1. HP's Sunny Day

The sun don't shine on the same dog's ass every day, but it's been a long time since HP ( HPQ) has seen the ray of light it's getting now -- even if it is being reflected off Michael Dell's money clip.

HP shares climbed over 4% Wednesday following a news report that unnamed purchasers -- stirred perhaps by Dell's ( DELL) buyout discussions -- are considering buying some of its units. The WSJ reported this week that the humbled tech giant has received "expressions of interest from potential suitors" for its EDS and Autonomy divisions, but CEO Meg Whitman was uninterested in selling at this point.

For those who may not remember, HP acquired EDS for $13.9 billion in 2008. In August 2012, HP took a charge of $10.8 billion, mostly related to the writedown of the computer-services company.

Oh, man, HP's prankster friends on Wall Street really gave them some great valuation advice on that one. Talk about earning your advisory fee.

As for Autonomy, well, it's hard to forget what happened there, even though Whitman wishes she could. HP's then-CEO, Leo Apotheker, snapped up the U.K. software maker in August 2011 for $11.1 billion, shelling out a 58% premium to the British company's shares at the time. Last autumn, however, the purchase was thrust into the spotlight when HP recorded a massive writedown of $8.8 billion relating to accounting improprieties at Autonomy prior to the acquisition.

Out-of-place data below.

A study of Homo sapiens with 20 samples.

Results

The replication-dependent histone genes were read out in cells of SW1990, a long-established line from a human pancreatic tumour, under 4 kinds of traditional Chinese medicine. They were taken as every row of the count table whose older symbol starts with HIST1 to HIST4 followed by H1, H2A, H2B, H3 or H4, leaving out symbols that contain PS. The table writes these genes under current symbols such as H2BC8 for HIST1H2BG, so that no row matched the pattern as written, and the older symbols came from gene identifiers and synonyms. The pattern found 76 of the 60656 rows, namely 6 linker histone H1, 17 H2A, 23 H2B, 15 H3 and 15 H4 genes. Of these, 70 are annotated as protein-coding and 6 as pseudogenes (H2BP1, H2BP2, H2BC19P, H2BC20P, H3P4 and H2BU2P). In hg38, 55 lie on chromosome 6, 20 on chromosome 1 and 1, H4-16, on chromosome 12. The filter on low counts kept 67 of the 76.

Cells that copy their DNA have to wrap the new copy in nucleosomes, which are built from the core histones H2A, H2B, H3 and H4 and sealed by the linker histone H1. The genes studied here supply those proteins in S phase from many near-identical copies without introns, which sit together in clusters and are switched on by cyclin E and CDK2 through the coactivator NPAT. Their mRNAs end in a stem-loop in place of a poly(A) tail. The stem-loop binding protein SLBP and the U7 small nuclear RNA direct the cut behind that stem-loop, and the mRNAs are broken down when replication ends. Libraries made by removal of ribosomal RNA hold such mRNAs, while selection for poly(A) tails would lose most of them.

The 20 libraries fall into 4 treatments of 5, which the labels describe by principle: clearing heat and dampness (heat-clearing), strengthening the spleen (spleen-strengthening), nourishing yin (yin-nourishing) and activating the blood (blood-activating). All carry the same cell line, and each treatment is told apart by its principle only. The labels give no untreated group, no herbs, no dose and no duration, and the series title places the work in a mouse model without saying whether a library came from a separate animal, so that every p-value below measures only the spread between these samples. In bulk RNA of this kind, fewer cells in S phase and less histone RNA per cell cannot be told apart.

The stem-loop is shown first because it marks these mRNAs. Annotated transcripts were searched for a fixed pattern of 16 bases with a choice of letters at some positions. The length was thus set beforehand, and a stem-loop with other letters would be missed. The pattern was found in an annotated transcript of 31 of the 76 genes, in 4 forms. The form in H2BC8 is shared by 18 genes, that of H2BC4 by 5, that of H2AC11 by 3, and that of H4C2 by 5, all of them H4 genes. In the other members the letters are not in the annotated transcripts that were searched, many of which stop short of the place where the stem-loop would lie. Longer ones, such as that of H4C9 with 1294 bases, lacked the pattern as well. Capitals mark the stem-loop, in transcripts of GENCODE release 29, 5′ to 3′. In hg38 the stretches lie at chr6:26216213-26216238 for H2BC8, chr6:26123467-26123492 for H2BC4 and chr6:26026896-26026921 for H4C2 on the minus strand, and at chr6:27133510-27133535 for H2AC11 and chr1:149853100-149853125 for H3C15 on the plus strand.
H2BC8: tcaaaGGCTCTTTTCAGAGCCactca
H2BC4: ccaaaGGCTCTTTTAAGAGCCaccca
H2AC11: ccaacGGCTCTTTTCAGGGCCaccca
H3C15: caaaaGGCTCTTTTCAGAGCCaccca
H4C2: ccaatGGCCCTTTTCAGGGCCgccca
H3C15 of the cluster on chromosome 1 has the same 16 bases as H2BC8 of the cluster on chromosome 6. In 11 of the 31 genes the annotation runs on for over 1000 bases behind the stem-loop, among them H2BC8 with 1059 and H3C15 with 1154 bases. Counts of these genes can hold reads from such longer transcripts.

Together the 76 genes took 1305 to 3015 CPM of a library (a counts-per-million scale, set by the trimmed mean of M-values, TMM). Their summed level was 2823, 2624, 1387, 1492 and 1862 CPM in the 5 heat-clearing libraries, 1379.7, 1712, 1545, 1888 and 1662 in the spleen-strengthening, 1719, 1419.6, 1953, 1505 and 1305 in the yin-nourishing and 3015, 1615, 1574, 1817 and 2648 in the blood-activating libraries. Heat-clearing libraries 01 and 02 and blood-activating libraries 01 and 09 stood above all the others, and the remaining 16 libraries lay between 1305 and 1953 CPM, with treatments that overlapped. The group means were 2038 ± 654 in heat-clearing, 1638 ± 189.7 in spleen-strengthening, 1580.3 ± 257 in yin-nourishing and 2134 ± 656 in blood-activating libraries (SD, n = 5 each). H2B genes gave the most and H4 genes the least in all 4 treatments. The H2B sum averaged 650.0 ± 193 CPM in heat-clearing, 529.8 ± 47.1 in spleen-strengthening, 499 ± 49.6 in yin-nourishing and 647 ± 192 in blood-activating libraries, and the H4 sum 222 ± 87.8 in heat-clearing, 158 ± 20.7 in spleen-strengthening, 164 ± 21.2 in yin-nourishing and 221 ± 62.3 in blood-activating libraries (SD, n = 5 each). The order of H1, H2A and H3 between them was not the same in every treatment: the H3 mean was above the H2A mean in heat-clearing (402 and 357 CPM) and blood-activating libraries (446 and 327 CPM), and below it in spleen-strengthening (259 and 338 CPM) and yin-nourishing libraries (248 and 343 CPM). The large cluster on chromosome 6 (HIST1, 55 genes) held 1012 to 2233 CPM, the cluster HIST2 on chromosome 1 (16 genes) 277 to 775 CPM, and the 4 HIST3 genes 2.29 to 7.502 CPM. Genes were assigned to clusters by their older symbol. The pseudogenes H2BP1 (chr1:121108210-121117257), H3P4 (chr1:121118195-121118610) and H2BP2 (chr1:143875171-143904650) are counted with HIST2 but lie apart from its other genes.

Obviously, whichever banker did the due diligence on that schnauzer of a deal clearly wasn't being very diligent. The two sides are currently in litigation, making it even more curious as to why a buyer would want to step into that morass.

That said, Silicon Valley CEOs have a habit of doing whatever Wall Street salesmen whisper in their ears. And on that note, we can't wait to see what happens with Dell. Private equity groups are arranging billions in financing as we speak for a buyout of the once-proud PC maker that could top $24 billion.

Yee haw! We haven't seen a deal in the Lone Star state this big since the TXU LBO. And we all remember what a Texas-sized turd that turned out to be.

Look: Wall Street pocketed massive fees to build up HP and now they want even more to break it up. As a result of all the attention, HP shareholders are finally getting their day.

Good for them. As we all know, every dog deserves at least one.
Disclosure: TheStreet's editorial policy prohibits staff editors and reporters from holding positions in any individual stocks.